Human behavior is an interesting subject. In fact, it's so interesting that private companies are willing to pay big bucks to try to understand and manipulate it to a certain extent. While this applies to many things, data on car-buying behaviors is highly desirable to companies with ties to the automotive industry, whether it's a car auction, a car dealership, or a bank's financing arm.
This recent study performed by Cox Automotive is called "Car Buyer Journey 2018," and it attempts to shed some light on the complex behaviors people expose while going through the process of buying a car, as well as their perception of the dealership experience. The study has been released once a year for five years, and the latest edition is based on a survey of 2,050 consumers who purchased or leased a vehicle within 12 months of September 2017.
Before we dig into some of the findings, it's worth noting that Cox Automotive, perhaps more than anyone else in the business, has its close finger on the pulse of the industry. The conglomerate owns important household brands like Autotrader, Kelley Blue Book, Manheim Auctions, Dealer.com, and a dozen other companies that sell and resell vehicles, as well as manage dealership inventories and vehicle reconditioning.
According to company's findings, modern-day buyers are spending less and less time in the market for a vehicle, and they're doing most of it online. Shocker. In 2017, buyers spent a total of 112 days "on the prowl" compared to just 108 days in 2018. During that time, buyers spent 61 percent of their time researching and shopping on the internet, and only 13 percent visiting dealerships in person. Out of the entire time buyers spent shopping for a vehicle, 21 percent of it was spent at the dealership where they chose to buy the vehicle.
This highlights another important finding of the study, which shows that 79 percent of buyers are satisfied with the dealership experience, but only 50 percent are content with how long it took. Fifty-nine percent of buyers were satisfied with how long the interaction with the financing department took, with 64 percent saying that the financing process took much longer than they expected. Got all that?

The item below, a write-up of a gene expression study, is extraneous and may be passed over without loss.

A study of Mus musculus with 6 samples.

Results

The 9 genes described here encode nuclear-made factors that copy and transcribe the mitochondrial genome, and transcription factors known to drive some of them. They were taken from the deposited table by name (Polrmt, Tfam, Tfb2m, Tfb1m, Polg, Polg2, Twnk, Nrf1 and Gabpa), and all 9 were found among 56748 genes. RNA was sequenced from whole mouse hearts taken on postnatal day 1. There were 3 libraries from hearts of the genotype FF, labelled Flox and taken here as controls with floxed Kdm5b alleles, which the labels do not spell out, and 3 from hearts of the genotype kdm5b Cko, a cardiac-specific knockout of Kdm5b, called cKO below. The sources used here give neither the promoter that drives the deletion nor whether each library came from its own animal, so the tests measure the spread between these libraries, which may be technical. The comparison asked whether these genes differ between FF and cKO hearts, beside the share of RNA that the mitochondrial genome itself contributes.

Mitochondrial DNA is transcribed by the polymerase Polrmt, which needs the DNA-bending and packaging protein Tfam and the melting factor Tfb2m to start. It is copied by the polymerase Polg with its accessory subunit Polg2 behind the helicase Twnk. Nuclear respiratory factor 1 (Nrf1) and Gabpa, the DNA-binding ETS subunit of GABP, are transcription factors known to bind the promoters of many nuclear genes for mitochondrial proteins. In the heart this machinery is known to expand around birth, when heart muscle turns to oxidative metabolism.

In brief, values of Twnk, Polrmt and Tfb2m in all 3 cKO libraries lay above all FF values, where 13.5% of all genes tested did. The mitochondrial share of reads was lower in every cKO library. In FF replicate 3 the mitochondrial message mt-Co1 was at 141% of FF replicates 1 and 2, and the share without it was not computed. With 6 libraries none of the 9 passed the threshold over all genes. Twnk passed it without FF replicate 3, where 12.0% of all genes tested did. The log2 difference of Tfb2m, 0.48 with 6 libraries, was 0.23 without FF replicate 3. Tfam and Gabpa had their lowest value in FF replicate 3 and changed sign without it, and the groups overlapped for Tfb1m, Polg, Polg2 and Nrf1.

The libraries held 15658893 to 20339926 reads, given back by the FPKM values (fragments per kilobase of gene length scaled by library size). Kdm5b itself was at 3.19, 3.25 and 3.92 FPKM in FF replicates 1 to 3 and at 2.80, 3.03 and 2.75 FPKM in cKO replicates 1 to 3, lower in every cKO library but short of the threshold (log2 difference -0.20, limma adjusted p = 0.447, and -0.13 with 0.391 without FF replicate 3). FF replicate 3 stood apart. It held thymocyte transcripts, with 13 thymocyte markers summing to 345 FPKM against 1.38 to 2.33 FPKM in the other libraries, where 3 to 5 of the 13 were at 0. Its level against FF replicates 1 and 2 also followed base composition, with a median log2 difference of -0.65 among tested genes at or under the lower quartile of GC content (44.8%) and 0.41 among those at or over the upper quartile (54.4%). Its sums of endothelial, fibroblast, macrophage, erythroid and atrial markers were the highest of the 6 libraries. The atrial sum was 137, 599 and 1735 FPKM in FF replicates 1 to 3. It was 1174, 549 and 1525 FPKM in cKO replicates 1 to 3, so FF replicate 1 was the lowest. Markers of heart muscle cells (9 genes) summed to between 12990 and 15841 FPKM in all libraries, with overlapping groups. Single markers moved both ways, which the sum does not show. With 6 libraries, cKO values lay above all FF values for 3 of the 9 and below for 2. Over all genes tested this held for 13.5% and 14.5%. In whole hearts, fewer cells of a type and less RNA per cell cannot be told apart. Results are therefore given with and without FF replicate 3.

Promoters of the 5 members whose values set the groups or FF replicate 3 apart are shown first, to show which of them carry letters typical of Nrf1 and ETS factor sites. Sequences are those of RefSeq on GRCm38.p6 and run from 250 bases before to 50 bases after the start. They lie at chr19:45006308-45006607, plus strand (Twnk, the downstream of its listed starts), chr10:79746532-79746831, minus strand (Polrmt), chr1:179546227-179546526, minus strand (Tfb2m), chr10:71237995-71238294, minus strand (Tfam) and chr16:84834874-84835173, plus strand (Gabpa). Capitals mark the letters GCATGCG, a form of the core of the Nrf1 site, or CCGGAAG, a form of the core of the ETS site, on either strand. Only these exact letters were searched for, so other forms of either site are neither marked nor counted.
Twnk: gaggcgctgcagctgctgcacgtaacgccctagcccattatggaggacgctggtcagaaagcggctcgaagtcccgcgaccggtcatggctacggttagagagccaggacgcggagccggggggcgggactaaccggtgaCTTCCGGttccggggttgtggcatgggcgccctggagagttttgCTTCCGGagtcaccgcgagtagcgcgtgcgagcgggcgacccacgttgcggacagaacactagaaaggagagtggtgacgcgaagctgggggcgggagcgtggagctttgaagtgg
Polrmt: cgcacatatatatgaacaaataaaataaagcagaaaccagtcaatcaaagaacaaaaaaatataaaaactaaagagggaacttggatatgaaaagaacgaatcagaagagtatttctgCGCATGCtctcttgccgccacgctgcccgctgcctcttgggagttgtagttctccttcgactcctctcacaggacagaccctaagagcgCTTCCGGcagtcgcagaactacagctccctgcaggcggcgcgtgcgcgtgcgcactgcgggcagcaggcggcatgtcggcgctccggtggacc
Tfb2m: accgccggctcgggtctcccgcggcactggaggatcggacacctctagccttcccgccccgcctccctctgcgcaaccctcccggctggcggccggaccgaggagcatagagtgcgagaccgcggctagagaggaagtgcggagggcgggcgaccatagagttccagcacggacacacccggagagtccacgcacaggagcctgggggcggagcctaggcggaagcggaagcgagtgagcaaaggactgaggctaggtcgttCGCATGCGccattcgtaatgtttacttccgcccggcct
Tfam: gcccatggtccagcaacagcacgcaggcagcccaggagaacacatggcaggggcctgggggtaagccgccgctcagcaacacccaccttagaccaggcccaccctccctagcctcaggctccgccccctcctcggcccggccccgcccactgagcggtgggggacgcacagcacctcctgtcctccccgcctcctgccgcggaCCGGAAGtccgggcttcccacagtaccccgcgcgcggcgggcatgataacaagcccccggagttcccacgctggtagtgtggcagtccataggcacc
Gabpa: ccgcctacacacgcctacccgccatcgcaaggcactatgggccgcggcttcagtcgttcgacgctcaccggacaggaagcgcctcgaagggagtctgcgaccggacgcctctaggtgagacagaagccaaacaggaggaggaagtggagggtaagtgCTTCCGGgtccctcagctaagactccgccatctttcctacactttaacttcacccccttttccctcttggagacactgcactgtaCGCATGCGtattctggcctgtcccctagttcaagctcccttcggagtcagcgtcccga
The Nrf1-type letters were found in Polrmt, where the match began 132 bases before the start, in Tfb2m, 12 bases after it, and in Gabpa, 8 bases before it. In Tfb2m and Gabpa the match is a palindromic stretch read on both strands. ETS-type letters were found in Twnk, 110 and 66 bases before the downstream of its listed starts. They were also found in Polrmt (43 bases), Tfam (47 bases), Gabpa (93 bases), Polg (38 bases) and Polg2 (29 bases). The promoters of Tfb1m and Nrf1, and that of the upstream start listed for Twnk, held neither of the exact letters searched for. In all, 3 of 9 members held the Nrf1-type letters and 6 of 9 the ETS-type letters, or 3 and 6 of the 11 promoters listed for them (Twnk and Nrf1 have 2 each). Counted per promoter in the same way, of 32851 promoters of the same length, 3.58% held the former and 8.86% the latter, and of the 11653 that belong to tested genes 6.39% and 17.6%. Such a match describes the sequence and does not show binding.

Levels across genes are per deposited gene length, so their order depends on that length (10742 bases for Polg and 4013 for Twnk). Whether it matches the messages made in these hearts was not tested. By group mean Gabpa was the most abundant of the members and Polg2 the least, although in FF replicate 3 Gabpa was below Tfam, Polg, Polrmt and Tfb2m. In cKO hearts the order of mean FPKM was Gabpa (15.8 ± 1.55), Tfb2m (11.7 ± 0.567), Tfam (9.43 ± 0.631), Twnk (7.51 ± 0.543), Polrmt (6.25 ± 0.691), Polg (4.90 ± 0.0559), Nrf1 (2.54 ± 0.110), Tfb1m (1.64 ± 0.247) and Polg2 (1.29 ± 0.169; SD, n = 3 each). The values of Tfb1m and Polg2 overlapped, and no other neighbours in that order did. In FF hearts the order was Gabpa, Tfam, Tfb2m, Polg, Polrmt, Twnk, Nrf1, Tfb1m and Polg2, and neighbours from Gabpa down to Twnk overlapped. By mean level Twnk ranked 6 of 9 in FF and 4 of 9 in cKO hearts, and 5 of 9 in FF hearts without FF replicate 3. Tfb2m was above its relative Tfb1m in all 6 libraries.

Perhaps the most surprising finding is related to consumer behavior in regards to vehicle pricing and financing. Out of the shoppers that were surveyed, 47 percent said that the total price of the vehicle was more important than the monthly payment. This is an important finding considering that 54 percent of car buyers request monthly payment information while researching a vehicle online. In years past, buyers would almost entirely focus on monthly payments rather than gross sums.
Cox Automotive also explored many variables of the car-buying experience, such as where buyers began and ended their search and how they communicated with dealerships, but they also quizzed buyers about something rather unorthodox. Were shoppers driven to purchase a new vehicle based on need or want? The findings show that the number of buyers who bought a vehicle due to desire has decreased from 44 percent in 2016, to 45 percent in 2017 and just 29 percent in 2018. On the other hand, the number of buyers who bought a vehicle because they needed one increased drastically from just 56 percent in 2016, to 55 percent in 2017, to 61 percent in 2018.